Julia Jacklin performs for Madison audience on a personal level. 

Julia Jacklin performs for Madison audience on a personal level. 

Julia Jacklin brings up-and-coming indie sound to Madison

Australian artist-to-watch Julia Jacklin is a fresh voice in the music industry—so fresh that she has yet to release her first album. That said, when she introduced herself to Madison on Wednesday night at The Frequency, she seemed familiar somehow, as if she were a cool and slightly older neighbor I had seen around, but was only now just getting to know.

Jacklin rocked a badass school-girl aesthetic in her signature white Reebok classics, crew socks, plaid miniskirt, t-shirt and scarlet lips. Her blonde, wavy locks were matted down like she had slept all day, rolled out of bed and gone straight to her show. This unassumingly cool aura Jacklin projected paired well with The Frequency’s paint-chipped, duct-taped and sticker-laden stage.

The audience gave Jacklin their undivided attention during her stripped-down, nine-song set. She was joined on stage by her usual drummer, Tom, and the two of them ditched percussion altogether in favor of just guitar, bass and sugary sweet harmonies. Vocally, Jacklin was all warmth and butter. She showed impressive voice control while avoiding rigidity; I was pleasantly surprised by her willingness to experiment with phrasing and delivery. For instance, she kept the crowd on its toes when she slowed down a fan-favorite song “Coming of Age,” pushing its lyrics to the forefront of our attention in doing so.

Lyrically, I found Jacklin’s words much easier to discern in-person than in her studio recordings. This helped me appreciate her music on another level. As lovely as Jacklin’s voice is, her songwriting takes the cake. Unexpected lyrics comprise many of her songs and articulate her personal growth over the past few years. During “Coming of Age,” written prior to her breakthrough in music, Jacklin sang determinedly about needing to find a girl who would make her “toes curl.” In other (less creative) words, these lyrics express a desire to find a new artist to look up to, someone to inspire progression in Jacklin’s music before it becomes too late.

This panic Jacklin felt about running out of time to make a name for herself manifested prominently as a theme in her debut album, Don’t Let The Kids Win. A new song she premiered for her Madison audience, “Will I Be A Mother,” also features the passing of time as a prevalent theme. Jacklin ponders whether or not she will change in tandem with time, imagining scenarios where her body changes, but her mind remains the same, and vice versa. “Will I ever be a mother or will I always be a child?” she contemplates in the chorus. Though ironically, nothing during Jacklin’s show, apart from the vulnerable lyrics she let loose, conveyed this sense of nervousness about her present or future. In fact, Jacklin’s overall demeanor exuded something like removed maturity from the tension she historically imposed on herself in placing deadlines on her life goals.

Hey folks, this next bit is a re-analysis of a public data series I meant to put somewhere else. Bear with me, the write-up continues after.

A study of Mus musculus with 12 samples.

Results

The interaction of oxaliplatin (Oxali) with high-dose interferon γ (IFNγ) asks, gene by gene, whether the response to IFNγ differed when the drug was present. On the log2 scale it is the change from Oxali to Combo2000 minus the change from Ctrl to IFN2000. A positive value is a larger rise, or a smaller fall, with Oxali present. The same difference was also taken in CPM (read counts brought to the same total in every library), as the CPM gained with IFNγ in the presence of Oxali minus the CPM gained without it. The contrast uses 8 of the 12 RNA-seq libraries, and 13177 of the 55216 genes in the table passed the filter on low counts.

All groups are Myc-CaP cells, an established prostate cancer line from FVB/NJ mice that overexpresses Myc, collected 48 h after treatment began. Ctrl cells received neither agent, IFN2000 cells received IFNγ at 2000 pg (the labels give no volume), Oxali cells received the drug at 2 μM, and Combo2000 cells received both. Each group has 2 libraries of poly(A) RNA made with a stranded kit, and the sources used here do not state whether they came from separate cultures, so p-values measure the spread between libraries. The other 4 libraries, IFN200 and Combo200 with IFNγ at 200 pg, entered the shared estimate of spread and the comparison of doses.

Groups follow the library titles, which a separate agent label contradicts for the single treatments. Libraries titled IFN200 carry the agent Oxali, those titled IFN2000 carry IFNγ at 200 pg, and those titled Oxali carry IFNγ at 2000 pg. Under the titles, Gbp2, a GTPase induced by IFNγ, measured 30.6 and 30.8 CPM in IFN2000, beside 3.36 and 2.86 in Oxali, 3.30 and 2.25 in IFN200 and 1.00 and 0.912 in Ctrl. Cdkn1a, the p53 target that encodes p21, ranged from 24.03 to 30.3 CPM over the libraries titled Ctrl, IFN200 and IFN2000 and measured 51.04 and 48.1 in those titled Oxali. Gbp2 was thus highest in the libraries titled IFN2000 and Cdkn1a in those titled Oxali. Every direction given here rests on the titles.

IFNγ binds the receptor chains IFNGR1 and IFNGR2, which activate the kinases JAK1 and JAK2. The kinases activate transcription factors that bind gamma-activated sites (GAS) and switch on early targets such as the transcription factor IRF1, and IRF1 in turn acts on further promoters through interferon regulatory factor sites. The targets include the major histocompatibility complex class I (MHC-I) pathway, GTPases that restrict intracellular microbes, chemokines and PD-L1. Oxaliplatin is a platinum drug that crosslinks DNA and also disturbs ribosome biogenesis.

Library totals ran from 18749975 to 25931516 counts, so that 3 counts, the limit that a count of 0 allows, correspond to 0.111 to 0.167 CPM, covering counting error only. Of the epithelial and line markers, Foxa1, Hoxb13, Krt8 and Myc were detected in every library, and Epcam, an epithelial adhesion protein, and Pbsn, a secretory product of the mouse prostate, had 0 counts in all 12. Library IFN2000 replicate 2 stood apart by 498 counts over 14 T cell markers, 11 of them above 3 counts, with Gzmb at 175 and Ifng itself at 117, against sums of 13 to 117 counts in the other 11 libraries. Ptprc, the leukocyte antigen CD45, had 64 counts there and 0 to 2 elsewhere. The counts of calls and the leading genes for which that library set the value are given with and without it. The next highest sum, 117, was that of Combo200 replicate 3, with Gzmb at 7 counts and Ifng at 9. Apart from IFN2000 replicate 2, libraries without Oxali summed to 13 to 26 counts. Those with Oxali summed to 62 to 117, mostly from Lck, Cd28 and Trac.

Earlier this week, I wrote a piece questioning how the 25-year-old alt-country songstress made such a rapid come-up in the music industry. Out of the countless talented musicians in the world, only a handful of them will sign with prominent record labels and tour internationally as Jacklin is doing now. However, seeing her perform live brought clarity to this situation. Jacklin is a true artist in her ability to connect with an audience and make them feel something genuine.

For the first time ever at a concert, I cried a little, mostly because of Jacklin’s ability to bring her audience right to her emotional level during any given song. Lyrics I did not expect to relate to, and did not feel especially connected to when I listened to their studio versions, resonated deeply with me when she sang them live. This happened twice. I hit the ground hard with Jacklin during “L.A. Dream,” and then again during her closing number, “Don’t Let The Kids Win,” when she sang, “And I’ve got a feeling that this won’t ever change/ We’re gonna keep on getting older/ It’s gonna keep on feeling strange.”

I have yet to experience a time-related existential crisis (I’m only 19!), but my eyes actually watered during this song. Because Jacklin put herself so completely into expressing this feeling when she performed “Don’t Let The Kids Win,” I was able to go there with her.

Jacklin came across as so personable that her show felt somewhat like an intimate heart-to-heart between the two of us, as though she really were just a cool, older girl living in a house down the street from me. During this “heart-to-heart,” I became more aware that as time passes, I might start to feel like the deadlines by which I need to achieve my dreams are speeding past without me. However, the sole presence of Julia Jacklin in front of me Wednesday night, surprising even herself as she sang on her first North American tour, was proof that we can be wrong about the expiration dates we place on our life endeavors.

As I left Jacklin’s show, I wondered if she ever located the girl that she sang about needing to find in “Coming of Age”—the artist whose music would inspire Jacklin to the point where her toes curled. Though after watching her perform Wednesday night, I would say that in the process of looking for this someone, Jacklin just might have found herself.